JOURNAL ARTICLE

BACKGROUND: Gemcitabine (GEM) is widely used as a chemotherapeutic agent. However, pulmonary toxicity has been rarely observed with GEM use. This article aims to determine the incidence and causes of drug-induced pulmonary toxicity, and to classify the high-resolution computed tomography (HRCT) findings for antitumor therapy-associated pulmonary toxicity based on characteristic patterns and pathological considerations, with a special focus on GEM-associated pulmonary toxicity (GAPT).

METHODS: Medical records of all patients with drug-induced pulmonary toxicity seen at Kyorin University hospital between April 2006 and December 2011 were retrospectively reviewed. The study examined correlations between HRCT and the assessed pathological or clinical findings, with a specific focus on antitumor drugs.

RESULTS: We identified 66 patients with drug-induced pulmonary toxicity. Among the antitumor drugs, GEM was the primary offending agent (n = 8) for pulmonary toxicity followed by docetaxel and gefitinib. HRCT patterns for the eight GAPT patients included the non-specific interstitial pneumonia (NSIP; n = 5) and the hypersensitivity pneumonitis (HP)-like pattern (n = 3). In contrast, four patients in the study were found to have the HP-like pattern, with three cases associated with GEM and one case associated with imatinib mesylate. The transbronchial lung biopsy or video-assisted thoracic surgery specimens for these patients showed granuloma or organizing tissue with a random distribution that was independent of the respiratory bronchiole. These results appeared to correspond to the HRCT-determined centrilobular nodules.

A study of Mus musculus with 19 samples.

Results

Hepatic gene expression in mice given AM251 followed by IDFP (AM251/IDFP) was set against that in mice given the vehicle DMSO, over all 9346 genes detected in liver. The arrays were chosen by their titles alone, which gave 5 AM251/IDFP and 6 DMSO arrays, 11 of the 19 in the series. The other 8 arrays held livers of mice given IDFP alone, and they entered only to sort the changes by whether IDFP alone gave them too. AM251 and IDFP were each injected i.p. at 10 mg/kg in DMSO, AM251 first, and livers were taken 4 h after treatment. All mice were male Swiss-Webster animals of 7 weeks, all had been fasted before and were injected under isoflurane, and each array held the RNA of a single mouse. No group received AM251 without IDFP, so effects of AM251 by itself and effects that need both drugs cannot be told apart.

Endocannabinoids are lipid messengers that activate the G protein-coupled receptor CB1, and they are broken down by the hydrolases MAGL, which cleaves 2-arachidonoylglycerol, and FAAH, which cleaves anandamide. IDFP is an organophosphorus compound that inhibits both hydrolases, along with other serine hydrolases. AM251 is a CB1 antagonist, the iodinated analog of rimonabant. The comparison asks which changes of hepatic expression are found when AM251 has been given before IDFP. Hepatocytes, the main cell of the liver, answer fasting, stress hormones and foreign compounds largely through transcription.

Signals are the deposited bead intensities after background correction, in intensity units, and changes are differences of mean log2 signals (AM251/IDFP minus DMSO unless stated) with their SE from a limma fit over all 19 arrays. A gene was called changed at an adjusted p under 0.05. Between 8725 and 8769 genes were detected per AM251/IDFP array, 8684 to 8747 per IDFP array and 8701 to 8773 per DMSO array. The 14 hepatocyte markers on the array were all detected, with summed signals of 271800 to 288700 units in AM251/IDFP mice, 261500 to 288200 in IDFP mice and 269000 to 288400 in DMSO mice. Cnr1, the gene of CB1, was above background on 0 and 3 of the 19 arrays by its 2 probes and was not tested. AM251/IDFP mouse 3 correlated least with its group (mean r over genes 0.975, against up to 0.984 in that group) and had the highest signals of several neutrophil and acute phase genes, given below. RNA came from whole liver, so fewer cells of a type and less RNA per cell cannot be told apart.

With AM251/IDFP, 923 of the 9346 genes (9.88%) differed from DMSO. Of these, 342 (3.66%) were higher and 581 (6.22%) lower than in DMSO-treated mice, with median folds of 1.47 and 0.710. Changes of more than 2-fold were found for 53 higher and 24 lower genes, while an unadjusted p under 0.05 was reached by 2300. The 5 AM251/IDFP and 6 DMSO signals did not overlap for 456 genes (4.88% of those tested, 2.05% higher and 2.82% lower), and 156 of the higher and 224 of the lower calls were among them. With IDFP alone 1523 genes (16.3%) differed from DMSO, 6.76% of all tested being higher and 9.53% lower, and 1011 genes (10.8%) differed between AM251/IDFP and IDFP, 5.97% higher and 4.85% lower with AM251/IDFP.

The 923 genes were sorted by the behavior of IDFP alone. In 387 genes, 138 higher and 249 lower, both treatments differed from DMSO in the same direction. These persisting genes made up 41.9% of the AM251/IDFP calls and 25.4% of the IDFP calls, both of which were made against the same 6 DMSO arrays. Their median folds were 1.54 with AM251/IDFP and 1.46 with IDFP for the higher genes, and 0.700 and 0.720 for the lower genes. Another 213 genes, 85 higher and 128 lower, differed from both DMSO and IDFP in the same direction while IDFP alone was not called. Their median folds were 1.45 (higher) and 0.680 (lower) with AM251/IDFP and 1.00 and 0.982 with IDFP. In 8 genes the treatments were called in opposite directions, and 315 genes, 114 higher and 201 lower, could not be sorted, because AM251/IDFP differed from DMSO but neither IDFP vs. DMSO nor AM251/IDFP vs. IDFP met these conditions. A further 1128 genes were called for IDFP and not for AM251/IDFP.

CONCLUSION: GEM was the leading cause of drug-induced pulmonary toxicity in the patients examined in this study. This toxicity appears as NSIP or an HP-like pattern during HRCT examinations. This HP-like pattern may be useful for diagnosing GEM-induced pulmonary toxicity, as well as demonstrating granuloma or organizing tissue during lung pathology examinations.